THE award winning Scottish poet Robin Robertson is in the running for the leading prize in fiction, The Man Booker Prize.

Robertson, a writer and editor who is already a winner of many accolades for his poetry, has been short listed for his book The Long Take, described as a "lyrical tribute to the power of writing."

The book is a first for the Booker short-list, as it is a novel in verse, and its story also contains photographs.

Robertson, born in Perthshire in 1955 and now resident in London, has won three Forward Prizes for poetry and the EM Forster Award from the American Academy of Arts and Letters.

His book, released this year, joins a list that includes two debut novels, including one for the youngest author to ever make the list, and a second showing for the Canadian writer Esi Edugyan.

READ MORE: The Herald's review of The Long Take

Robertson is joined by Anna Burns, Edugyan, Daisy Johnson, Rachel Kushner, and Richard Powers on the short list for the £50,000 prize.

Robertson, long regarded as one of Scotland's leading poets, was also the editor of Michael Ondaatje’s Warlight, which was longlisted this year.

At 27, Ms Johnson is the youngest author ever to make the shortlist for her novel Everything Under.

The Long Take has been highly praised by the judges.

Jacqueline Rose, a judge, said it offers a wholly unique literary voice and form and was a "pageant of loss."

She said: "A verse novel with photographs, it manages to evoke with exceptional vividness aspects of post-World War Two history that are rarely parsed together.

"Swinging effortlessly between combat with its traumatic aftermath, and the brute redevelopment of American cities, The Long Take shows us the ravages of capitalism as a continuation of war-time violence by other means.

"It is also a bold, eloquent homage to cinema as perhaps the only medium in which the true history of America has been preserved."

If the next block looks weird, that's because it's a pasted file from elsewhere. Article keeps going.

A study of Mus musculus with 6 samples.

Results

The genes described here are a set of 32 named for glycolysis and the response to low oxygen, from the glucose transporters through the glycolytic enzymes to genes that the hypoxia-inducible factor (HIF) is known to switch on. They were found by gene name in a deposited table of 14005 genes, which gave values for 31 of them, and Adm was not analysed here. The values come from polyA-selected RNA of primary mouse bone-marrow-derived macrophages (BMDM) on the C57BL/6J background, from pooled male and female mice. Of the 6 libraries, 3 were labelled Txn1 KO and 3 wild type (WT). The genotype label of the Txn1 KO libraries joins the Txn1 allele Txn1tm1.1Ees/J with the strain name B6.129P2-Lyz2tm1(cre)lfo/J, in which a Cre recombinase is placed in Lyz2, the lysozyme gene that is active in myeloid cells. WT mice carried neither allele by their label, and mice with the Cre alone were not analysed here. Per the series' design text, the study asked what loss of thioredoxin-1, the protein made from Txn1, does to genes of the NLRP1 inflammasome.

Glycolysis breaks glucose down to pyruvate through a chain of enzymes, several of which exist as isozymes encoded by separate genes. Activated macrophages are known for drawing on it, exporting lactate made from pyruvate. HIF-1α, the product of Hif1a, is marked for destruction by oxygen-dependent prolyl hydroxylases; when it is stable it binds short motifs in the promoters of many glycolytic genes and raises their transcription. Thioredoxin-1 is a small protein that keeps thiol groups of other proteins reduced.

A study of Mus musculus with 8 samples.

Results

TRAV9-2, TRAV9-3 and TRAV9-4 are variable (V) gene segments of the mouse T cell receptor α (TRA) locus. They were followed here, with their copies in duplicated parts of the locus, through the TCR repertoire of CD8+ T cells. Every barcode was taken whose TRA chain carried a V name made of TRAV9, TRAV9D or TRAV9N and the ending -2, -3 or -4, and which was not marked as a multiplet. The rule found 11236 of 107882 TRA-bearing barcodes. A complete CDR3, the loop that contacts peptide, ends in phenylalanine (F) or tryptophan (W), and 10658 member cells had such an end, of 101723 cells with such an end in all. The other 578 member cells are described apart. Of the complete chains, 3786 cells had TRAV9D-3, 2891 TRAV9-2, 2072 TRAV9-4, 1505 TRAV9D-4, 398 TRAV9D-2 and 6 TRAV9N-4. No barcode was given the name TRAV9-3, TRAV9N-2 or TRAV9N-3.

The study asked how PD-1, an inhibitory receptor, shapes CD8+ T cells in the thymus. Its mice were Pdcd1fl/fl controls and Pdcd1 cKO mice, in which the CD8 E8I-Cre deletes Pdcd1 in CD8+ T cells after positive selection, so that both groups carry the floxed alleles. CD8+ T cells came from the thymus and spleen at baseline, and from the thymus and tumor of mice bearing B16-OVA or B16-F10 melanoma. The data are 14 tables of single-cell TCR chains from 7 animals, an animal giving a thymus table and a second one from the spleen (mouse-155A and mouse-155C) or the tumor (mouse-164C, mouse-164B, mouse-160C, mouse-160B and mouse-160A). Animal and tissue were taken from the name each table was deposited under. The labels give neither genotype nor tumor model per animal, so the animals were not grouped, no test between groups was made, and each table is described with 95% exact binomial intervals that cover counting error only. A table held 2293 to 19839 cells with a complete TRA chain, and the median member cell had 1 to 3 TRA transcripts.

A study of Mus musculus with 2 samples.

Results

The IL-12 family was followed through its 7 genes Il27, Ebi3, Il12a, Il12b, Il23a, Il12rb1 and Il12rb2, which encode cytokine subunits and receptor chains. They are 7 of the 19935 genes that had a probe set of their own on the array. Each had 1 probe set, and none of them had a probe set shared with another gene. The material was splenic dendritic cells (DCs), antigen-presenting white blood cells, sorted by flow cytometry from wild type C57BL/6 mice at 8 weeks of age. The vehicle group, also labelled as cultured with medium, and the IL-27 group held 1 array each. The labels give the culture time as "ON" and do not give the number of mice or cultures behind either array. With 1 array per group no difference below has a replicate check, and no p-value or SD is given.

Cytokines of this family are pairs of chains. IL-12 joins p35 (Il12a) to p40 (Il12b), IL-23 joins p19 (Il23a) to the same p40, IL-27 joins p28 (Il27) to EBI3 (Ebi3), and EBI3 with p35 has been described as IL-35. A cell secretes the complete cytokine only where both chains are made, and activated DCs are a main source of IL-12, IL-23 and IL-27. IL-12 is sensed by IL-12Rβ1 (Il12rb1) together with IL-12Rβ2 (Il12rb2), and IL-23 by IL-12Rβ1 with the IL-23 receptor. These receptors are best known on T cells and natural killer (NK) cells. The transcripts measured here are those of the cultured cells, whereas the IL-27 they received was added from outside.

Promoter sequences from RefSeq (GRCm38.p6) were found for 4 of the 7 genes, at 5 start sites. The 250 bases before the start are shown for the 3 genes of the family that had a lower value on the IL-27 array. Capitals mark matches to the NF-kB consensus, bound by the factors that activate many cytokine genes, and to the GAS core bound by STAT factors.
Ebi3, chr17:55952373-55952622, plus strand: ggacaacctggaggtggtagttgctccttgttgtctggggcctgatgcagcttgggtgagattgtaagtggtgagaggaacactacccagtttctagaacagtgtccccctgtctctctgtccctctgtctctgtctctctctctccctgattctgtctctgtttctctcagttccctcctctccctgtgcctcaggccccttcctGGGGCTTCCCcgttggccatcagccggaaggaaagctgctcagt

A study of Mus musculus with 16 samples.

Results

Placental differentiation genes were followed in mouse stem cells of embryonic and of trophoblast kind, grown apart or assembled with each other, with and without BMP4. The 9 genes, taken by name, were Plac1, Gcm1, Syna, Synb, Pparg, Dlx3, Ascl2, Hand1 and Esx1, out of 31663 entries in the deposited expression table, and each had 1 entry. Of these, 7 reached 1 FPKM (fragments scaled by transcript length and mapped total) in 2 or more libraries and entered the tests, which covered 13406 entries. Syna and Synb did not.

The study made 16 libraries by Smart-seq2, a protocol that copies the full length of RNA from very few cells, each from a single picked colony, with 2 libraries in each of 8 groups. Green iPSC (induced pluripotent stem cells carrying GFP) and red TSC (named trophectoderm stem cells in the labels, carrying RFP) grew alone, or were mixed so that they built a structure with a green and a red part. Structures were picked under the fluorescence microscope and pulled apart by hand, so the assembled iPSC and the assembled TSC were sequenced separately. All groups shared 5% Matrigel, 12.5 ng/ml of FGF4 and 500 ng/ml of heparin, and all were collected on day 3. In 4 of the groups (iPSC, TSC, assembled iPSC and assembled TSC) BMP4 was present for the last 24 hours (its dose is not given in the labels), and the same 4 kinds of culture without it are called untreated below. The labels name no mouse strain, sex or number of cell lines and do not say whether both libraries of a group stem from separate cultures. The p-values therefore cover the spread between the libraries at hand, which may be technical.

She added: "This is a genre-defying novel.

"Cutting from battlefield to building demolitions in San Francisco and LA, to the killing of black men on the streets of America today, it imports into the very form of the writing one of the most famous film techniques: cross-cutting.

"You could be in the cinema, or listening to an elegy, or reading the story of one man’s devastating experience as he tries to rebuild the shards of his life after the war."

READ MORE: A Herald 'Poem of the Day' by Robin Robertson

The Man Booker Prize is open to writers of any nationality writing in English and published in the UK and Ireland.

This year’s shortlist recognises three writers from the UK, two from the US, and one from Canada.

Two novels from independent publishers, Faber & Faber and Serpent’s Tail, are shortlisted, alongside three from Penguin Random House, and one from Pan Macmillan imprint Picador.

The chair of the judges, Kwame Anthony Appiah, said: "All of our six finalists are miracles of stylistic invention.

"In each of them the language takes centre stage.

"And yet in every other respect they are remarkably diverse, exploring a multitude of subjects ranging across space and time.

"From Ireland to California, in Barbados and the Arctic, they inhabit worlds that not everyone will have been to, but which we can all be enriched by getting to know.

"Each one explores the anatomy of pain — among the incarcerated and on a slave plantation, in a society fractured by sectarian violence, and even in the natural world."

Edugyan, author of Washington Black, is the only 2018 contender to have been shortlisted previously, for Half-Blood Blues in 2011.

The 2018 winner will be announced on Tuesday 16 October in London’s Guildhall.

The shortlisted authors each receive £2,500 and a specially bound edition of their book.

The winner will receive a further £50,000 and can expect instant international recognition.